The Food and Drug Administration, Pfizer, and BioNTech announced on Friday that they are abandoning plans to pursue the authorization of a two-dose regimen of COVID-19 vaccines for children ages 6 months to 4 years. Instead, they will again put the possibility of an authorization on hold as they await data on the efficacy of a third dose for the youngest children. That data is now expected in early April.
In a press release this afternoon, Pfizer and its partner BioNTech reported that COVID-19 cases among children enrolled in the initial two-dose trial “continue to accumulate according to the study protocol, and more data are being generated because rates of infection and illness remain high in children of this age, especially due to the recent omicron surge.”
“Given that the study is advancing at a rapid pace, the companies will wait for the three-dose data as Pfizer and BioNTech continue to believe it may provide a higher level of protection in this age group,” the press release continued.
In a statement released by the FDA, Acting Commissioner Janet Woodcock and top vaccine regulator Peter Marks wrote that the agency had received new trial data from Pfizer and BioNTech. “Based on the agency’s preliminary assessment, and to allow more time to evaluate additional data, we believe additional information regarding the ongoing evaluation of a third dose should be considered as part of our decision-making for potential authorization,” the officials wrote.
In December, Pfizer and BioNTech announced that interim data from the trial with children ages 2 to 4 found that two doses of a 3-microgram vaccine (a tenth of the dose given to adults) did not produce the same level of immune responses seen in people ages 16 to 25, for which the vaccine is already approved. According to unnamed officials who spoke with The New York Times, the two doses only generated 60 percent of the targeted level of antibodies against the pandemic virus. As such, the companies planned to add a third dose to be given at least two months after the second.
But late last month, as the ultra-transmissible omicron variant bore down on the US, the companies and the FDA seemed to shift their thinking. News broke that the FDA had encouraged Pfizer and BioNTech to submit data on just the two doses for children under 5.
At the time, Scott Gottlieb, a former FDA commissioner and a current Pfizer board member, argued in an interview on CBS’s Face the Nation that the two-dose vaccine may still provide protection from severe outcomes from COVID-19 and could get a regulatory green light to provide that “baseline” protection right away. A third shot to boost effectiveness against infection could be added later.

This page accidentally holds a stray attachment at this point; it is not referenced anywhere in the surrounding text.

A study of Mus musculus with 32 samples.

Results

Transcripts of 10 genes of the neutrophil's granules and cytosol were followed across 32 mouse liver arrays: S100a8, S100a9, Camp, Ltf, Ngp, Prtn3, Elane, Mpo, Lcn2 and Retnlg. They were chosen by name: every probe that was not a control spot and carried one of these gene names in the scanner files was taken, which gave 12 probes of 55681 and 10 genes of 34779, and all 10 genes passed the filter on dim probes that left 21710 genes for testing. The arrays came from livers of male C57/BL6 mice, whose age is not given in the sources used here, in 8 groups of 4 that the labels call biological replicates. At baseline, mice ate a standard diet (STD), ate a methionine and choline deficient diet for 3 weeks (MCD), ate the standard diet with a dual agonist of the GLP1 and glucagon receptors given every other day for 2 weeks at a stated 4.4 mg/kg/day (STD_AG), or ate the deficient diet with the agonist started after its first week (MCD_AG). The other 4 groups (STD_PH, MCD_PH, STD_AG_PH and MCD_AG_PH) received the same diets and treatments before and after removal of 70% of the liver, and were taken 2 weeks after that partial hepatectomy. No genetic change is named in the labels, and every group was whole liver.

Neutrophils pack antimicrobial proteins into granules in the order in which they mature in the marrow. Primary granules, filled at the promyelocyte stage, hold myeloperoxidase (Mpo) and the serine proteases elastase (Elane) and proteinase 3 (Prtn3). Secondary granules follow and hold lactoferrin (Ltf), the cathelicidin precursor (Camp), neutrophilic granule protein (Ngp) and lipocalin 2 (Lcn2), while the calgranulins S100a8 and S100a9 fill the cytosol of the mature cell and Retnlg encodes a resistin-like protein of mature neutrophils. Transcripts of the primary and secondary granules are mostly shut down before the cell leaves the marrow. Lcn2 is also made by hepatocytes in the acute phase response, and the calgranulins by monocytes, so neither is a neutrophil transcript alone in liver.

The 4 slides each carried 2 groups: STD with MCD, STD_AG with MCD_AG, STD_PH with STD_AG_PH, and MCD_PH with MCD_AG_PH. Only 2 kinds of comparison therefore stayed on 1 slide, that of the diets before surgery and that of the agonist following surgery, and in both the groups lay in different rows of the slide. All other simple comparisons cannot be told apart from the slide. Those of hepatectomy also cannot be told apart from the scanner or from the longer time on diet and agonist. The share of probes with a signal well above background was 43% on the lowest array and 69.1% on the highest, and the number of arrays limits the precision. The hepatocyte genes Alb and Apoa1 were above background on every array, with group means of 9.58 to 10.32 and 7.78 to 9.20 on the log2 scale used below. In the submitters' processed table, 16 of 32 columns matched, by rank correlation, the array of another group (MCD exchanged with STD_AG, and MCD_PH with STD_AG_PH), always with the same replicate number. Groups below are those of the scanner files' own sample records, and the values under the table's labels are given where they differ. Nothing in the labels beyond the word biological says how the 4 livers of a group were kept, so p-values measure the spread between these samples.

The FDA statement today echoes that thinking: “The goal was to understand if two doses would provide sufficient protection to move forward with authorizing the use of the vaccine in this age group.”
But based on the reversal, the latest omicron data in children seems to have shifted the thinking again, with the FDA statement saying that, “at this time, we believe additional information regarding the ongoing evaluation of a third dose should be considered.”
Pfizer emphasized in today’s press release that it is still hopeful a third dose will prove effective. The company notes that such thinking is “supported by recent observations of three-dose booster data in several other age groups that seems to meaningfully augment neutralizing antibody levels and real-world vaccine protection for omicron compared to the two-dose regimen.”
The FDA noted that it is postponing a meeting of its panel of expert advisers, which was planning to gather next week to review the two-dose data. “In the meantime, the best way to protect children, including when they are at school or daycare, is to practice social distancing and masking in accordance with public health recommendations and for their family members and caregivers to get vaccinated or receive a booster dose when eligible,” the FDA statement concluded.